Economic recovery is expected to take front and centre stage during finance minister Enoch Godongwana’s maiden National Budget Speech in February.
Although fiscal consolidation and other prudent budgetary measures are crucial, the country can’t ignore the link between the rule of law and economic reform, says business leader and chancellor of the University of the Free State, Professor Bonang Mohale.
Speaking in PSG’s Think Big webinar on Tuesday (25 January), Mohale said that South Africa’s current socio-economic realities, coupled with the findings of the Zondo Commission’s report on state capture, are telling characteristics of a ‘failed state’ – one that can only be pulled back from the precipice by decisive action and single-minded focus.
“When we take a step back to examine the evidence and what the Zondo Commission’s findings mean for broader society, we see that inequality is widening, racism is at an all-time high, black graduates are roaming the street unemployed, our public education and hospital sectors are in states of disrepair and the general climate in the country is one of lawlessness,” said Mohale, who also holds several notable board positions including chairmanship of the Bidvest Group.
“Before we consider whether South Africa is ‘recoverable,’ we need to come to recognise the magnitude of the problem and acknowledge that as a country, we find ourselves at an all-important turning point,” he said.
Mohale stressed the link between socioeconomic reform and the forthcoming reactions of the independent judiciary, given the evidence at hand.
Ultimately, he argues that we should not underestimate the centrality of justice to economic recovery. The responsibility to set a precedent of swift, decisive action now rests on the shoulders of the independent judiciary, he said.
Business is the epicentre of creating future markets
Mohale is a strong advocate for the need to adopt a national charter against corruption, as well as an independent public procurement anti-corruption agency that will include a council, a litigation unit, an inspectorate, a tribunal and a special court of appeal.
This is aligned with Justice Raymond Zondo’s recent recommendations put forward in the report on state capture.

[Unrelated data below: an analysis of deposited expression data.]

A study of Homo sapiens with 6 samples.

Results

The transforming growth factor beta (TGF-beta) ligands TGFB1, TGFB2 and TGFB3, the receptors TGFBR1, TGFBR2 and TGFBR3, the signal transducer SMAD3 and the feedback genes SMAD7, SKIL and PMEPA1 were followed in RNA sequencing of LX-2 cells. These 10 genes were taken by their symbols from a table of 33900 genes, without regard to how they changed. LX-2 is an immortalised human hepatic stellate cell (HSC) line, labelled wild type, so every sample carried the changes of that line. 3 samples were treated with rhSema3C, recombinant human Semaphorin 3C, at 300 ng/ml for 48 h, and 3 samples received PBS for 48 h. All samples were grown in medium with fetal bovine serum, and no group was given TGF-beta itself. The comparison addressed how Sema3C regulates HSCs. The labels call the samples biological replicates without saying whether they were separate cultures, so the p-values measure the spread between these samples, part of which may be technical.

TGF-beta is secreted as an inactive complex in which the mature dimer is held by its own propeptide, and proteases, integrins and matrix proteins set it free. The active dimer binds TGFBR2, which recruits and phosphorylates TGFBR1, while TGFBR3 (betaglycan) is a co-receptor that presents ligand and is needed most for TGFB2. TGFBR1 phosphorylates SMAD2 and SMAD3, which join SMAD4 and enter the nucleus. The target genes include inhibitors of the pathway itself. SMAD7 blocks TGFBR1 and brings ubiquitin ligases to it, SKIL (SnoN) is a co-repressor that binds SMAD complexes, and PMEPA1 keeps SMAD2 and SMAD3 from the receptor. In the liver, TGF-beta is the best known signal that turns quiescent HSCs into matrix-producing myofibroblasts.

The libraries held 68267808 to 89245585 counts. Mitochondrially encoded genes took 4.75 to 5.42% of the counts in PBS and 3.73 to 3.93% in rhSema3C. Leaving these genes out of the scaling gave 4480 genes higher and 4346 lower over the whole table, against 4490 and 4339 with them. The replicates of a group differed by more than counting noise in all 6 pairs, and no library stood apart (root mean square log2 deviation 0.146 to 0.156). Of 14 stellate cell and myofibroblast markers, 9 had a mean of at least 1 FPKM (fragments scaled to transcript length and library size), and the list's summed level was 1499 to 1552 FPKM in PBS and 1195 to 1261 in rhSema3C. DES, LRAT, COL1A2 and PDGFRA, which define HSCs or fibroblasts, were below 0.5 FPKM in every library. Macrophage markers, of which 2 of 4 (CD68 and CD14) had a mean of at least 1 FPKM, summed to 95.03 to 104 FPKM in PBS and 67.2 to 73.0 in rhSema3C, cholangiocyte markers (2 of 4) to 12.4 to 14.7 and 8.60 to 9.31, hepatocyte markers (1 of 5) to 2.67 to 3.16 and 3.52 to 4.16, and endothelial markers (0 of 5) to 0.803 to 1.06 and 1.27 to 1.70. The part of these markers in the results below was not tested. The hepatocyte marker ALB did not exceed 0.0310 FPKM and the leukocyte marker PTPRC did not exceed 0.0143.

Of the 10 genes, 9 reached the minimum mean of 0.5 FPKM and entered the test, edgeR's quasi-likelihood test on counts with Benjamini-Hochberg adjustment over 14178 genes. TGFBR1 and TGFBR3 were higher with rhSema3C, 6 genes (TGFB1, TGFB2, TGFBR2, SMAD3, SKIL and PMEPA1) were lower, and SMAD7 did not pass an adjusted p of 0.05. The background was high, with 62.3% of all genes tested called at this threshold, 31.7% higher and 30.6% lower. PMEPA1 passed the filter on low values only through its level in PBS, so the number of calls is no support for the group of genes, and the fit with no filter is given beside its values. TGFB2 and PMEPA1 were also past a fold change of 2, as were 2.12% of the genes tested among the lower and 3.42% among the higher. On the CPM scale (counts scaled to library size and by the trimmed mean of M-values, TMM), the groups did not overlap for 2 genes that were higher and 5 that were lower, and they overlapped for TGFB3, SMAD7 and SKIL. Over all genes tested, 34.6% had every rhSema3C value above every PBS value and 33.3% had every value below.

“When the loop has been closed on state capture and the guilty have been brought to book, a prime opportunity will emerge for businesses to take the reins and realise its role in promoting job creation so that the self-respect and self-worth of so many struggling South Africans can be restored,” Mohale said.
“The business sector is not an isolated entity, it is in fact at the epicentre of creating the markets of the future. Our real market should be the 1.3 billion people in Africa who stand to benefit from instruments such as the African Continental Free Trade Agreement. Until the broader African community reaps these rewards, South Africa will never stand true to the precepts laid out in the Constitution.”
Vaccine policy an example of missed opportunity for public/private partnership
Business, however, requires regulatory and policy certainty.
Here, the vaccine rollout serves as a good example of a missed opportunity on behalf of the government to allow the private sector to bring its economic strength and authority to the table, Mohale said.
In his opinion, had the vaccines, for example, been placed in the hands of Roger Baxter, Chief Executive Officer at Minerals Council South Africa, thousands of workers would have received access to vaccines and the 90-day target could have been reached.
As a result of the state not taking a cooperative stance on the rollout, 400,000 miners are now struggling with a lack of access to Covid-19 vaccines, Mohale said.
“These are the kinds of issues that are at the centre of socioeconomic reform. They are the issues that will need to be addressed quickly and decisively if South Africa is to curb the mass exodus of skilled workers and talent from the country in search of better prospects.
“People are the business, not brick-and-mortar establishments or products and services. Our challenge therefore as a country, is not only an economic one but one concerning human resources and social justice,” he said.
“When fisherwomen cannot go out to sea, they repair their nets. We need to ask ourselves, ‘what are we doing now to repair our nets? How can we place ourselves in a strategic position so that when recovery is on the horizon, we are in a position to be competitive?”